Tuesday, June 22, 2010

Kikanbou, Kanda (鬼金棒)

Ahahahaha. I started laughing when I saw pictures of the ramen here. It shows up on ramendb as a top shop in Kanda, then gets pretty good scores for a ramen shop on tabelog. Those are mere data points, tit-bits and suggestions, but the pictures don't lie, and the pictures were awesome. From what you can see, you can see bright red soup oozing around noodles, pork and bean sprouts like evil, sentient lava.

While waiting in line...yeah, I waited in line for this ramen, after walking almost 20 minutes to get to the northerly extreme of Kanda so I could eat there. There were 5 people ahead of me, which is half the capacity of the shop. So while waiting in line, I had plenty of time to ponder the deeper meanings of their logo and style. The demon motif is pretty obvious given the spicy focus - the name is something like "demon's golden club", and I think those demons are some kinda Buddhist demi-deities, so the clubs are probably to encourage pure thinking among the devout.

Spiciness also encourages purity, no? They call their style 'kalashibi ramen', where the kala means spicy, and the shibi means tingling. Once I figured that out, and saw the two-sided poster where you can choose your level of red demon and blue demon, I guessed that the shibi was sansho, the prickly ash-derived spice that makes your tongue tingly or numb. So you can choose your level of red pepper and your level of sansho, and demolish your taste buds.

This all sounds like gimmick ramen, but it's not. It's really not. Except maybe the grilled baby corn on top? This is serious ramen, thoughtfully thought out and very well-prepared. Plus it will kick your ass, deliciously. I got mashi-mashi with the egg topping. I would advise in favor of mashi-mashi, the top levels of each spiciness before you have to pay Y100 extra to get 'demon spicy'; for me, this was just to the good side of edibility.  I would advise against getting the egg - not that the egg wasn't close to perfection, it was. Just that the soup is so damn thick, sludgy and bestial that you're not going to appreciate the subtle textures of the gelled egg yolk.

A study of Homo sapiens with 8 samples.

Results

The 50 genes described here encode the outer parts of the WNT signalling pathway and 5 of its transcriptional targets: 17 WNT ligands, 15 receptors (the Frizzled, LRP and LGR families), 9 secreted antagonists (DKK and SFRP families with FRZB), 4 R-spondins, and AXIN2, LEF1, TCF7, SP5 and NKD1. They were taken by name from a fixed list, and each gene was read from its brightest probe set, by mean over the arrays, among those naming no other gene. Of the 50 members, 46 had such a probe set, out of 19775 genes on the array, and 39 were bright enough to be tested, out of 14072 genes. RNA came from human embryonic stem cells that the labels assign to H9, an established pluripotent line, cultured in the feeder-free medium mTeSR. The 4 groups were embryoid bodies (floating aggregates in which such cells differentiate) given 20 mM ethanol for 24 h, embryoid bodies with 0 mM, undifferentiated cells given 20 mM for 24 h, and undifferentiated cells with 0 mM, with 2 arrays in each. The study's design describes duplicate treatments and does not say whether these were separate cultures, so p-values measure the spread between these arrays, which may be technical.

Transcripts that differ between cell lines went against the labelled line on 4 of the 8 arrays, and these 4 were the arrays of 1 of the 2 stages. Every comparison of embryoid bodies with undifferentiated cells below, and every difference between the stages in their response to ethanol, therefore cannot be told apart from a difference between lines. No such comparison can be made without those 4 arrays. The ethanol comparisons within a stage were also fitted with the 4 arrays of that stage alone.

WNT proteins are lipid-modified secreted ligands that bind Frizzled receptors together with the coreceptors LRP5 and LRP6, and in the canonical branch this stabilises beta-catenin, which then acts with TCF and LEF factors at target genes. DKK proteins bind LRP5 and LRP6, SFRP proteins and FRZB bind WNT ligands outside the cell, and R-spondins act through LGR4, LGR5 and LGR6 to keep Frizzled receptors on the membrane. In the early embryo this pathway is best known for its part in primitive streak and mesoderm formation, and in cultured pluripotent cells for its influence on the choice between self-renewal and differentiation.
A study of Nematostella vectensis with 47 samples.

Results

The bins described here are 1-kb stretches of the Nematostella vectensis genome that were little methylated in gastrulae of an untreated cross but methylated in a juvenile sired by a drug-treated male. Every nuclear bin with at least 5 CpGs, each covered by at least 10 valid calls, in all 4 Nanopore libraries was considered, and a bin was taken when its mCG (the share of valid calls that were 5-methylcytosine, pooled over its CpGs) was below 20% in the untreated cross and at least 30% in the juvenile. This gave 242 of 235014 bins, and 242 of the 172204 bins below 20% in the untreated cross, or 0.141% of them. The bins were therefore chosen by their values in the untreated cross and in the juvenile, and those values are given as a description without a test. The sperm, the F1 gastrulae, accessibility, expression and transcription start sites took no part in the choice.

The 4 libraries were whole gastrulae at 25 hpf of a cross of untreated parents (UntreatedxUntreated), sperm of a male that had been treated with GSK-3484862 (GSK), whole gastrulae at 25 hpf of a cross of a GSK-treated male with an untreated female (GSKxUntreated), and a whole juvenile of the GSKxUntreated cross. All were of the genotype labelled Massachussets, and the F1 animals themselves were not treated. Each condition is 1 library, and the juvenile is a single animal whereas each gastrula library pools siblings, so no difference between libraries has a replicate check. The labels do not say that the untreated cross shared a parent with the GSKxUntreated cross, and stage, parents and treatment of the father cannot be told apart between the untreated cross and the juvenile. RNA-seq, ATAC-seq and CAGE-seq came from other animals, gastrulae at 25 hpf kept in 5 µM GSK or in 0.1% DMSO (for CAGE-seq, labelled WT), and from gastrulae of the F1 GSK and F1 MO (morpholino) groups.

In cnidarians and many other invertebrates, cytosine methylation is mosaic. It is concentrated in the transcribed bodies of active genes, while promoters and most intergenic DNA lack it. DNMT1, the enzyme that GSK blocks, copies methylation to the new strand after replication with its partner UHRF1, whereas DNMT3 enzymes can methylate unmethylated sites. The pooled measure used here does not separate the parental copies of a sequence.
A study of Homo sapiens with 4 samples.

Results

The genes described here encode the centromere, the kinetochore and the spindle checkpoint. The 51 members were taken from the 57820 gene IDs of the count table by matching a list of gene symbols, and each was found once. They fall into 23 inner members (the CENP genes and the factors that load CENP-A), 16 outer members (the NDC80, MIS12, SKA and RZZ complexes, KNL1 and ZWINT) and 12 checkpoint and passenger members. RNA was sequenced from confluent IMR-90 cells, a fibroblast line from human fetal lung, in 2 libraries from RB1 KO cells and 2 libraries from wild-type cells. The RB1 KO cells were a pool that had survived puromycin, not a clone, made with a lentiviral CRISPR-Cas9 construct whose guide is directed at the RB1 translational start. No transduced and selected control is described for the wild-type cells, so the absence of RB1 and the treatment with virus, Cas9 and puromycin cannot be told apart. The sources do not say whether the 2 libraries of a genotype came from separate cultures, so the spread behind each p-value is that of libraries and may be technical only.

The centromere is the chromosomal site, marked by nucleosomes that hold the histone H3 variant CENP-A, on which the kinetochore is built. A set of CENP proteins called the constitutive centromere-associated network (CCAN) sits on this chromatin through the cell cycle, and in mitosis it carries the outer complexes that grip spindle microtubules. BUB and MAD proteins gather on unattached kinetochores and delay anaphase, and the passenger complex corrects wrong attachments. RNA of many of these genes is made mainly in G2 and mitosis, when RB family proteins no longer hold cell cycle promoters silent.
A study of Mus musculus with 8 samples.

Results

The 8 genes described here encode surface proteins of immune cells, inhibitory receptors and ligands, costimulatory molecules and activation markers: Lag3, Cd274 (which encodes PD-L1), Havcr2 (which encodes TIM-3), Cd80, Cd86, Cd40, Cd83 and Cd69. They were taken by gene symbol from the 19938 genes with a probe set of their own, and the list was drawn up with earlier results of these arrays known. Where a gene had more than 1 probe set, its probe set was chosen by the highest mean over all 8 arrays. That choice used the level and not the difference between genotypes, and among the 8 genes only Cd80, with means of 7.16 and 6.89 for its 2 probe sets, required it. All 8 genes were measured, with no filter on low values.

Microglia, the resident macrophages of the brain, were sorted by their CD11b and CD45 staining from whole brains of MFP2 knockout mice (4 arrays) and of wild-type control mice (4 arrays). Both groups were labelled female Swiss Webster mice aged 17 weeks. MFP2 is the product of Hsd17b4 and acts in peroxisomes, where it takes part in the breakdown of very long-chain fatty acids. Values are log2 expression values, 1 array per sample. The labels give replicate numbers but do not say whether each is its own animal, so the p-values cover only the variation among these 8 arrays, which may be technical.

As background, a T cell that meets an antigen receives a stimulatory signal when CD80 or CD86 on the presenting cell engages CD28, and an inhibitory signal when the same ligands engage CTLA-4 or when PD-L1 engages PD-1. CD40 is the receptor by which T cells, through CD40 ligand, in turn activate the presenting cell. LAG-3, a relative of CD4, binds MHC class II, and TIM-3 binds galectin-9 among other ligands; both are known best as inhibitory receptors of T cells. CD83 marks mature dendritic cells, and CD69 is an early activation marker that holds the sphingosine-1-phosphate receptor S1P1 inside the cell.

You know what you should do? Get the extra pork topping. This pork was so good I kept poking in the soup, hoping there were more bits concealed in there. It's like perfect barbeque, and if I saw correctly they also grill it a bit before throwing it in. Pork can be different from this, but not better. I would buy a whole roast from wherever they get them, or from them if they make them. This is it (by my standards).

The noodles look hand-made, with a nice irregularity and strong chewiness, left firm to soften in the magma. Great noodles. And the soup? Oog, just look at it, bubbling away malevolently. It was nearly thick enough to be tsukemen soup, really coating the noodles heavily. By the way, there was a fair percentage of women there, and guys ordering low-level spicy, so don't let any of the above turn you off (of course, if you're not turned on by this point, nothing's going to help).

Damn was this good. I'm not sure how soon I can go back, because with the walk and the wait it takes quite a while, and temperatures are going to be over 30 for the forseeable future. Maybe that's just an excuse, because I felt distinctly odd the rest of the day, almost like a demon had clubbed me.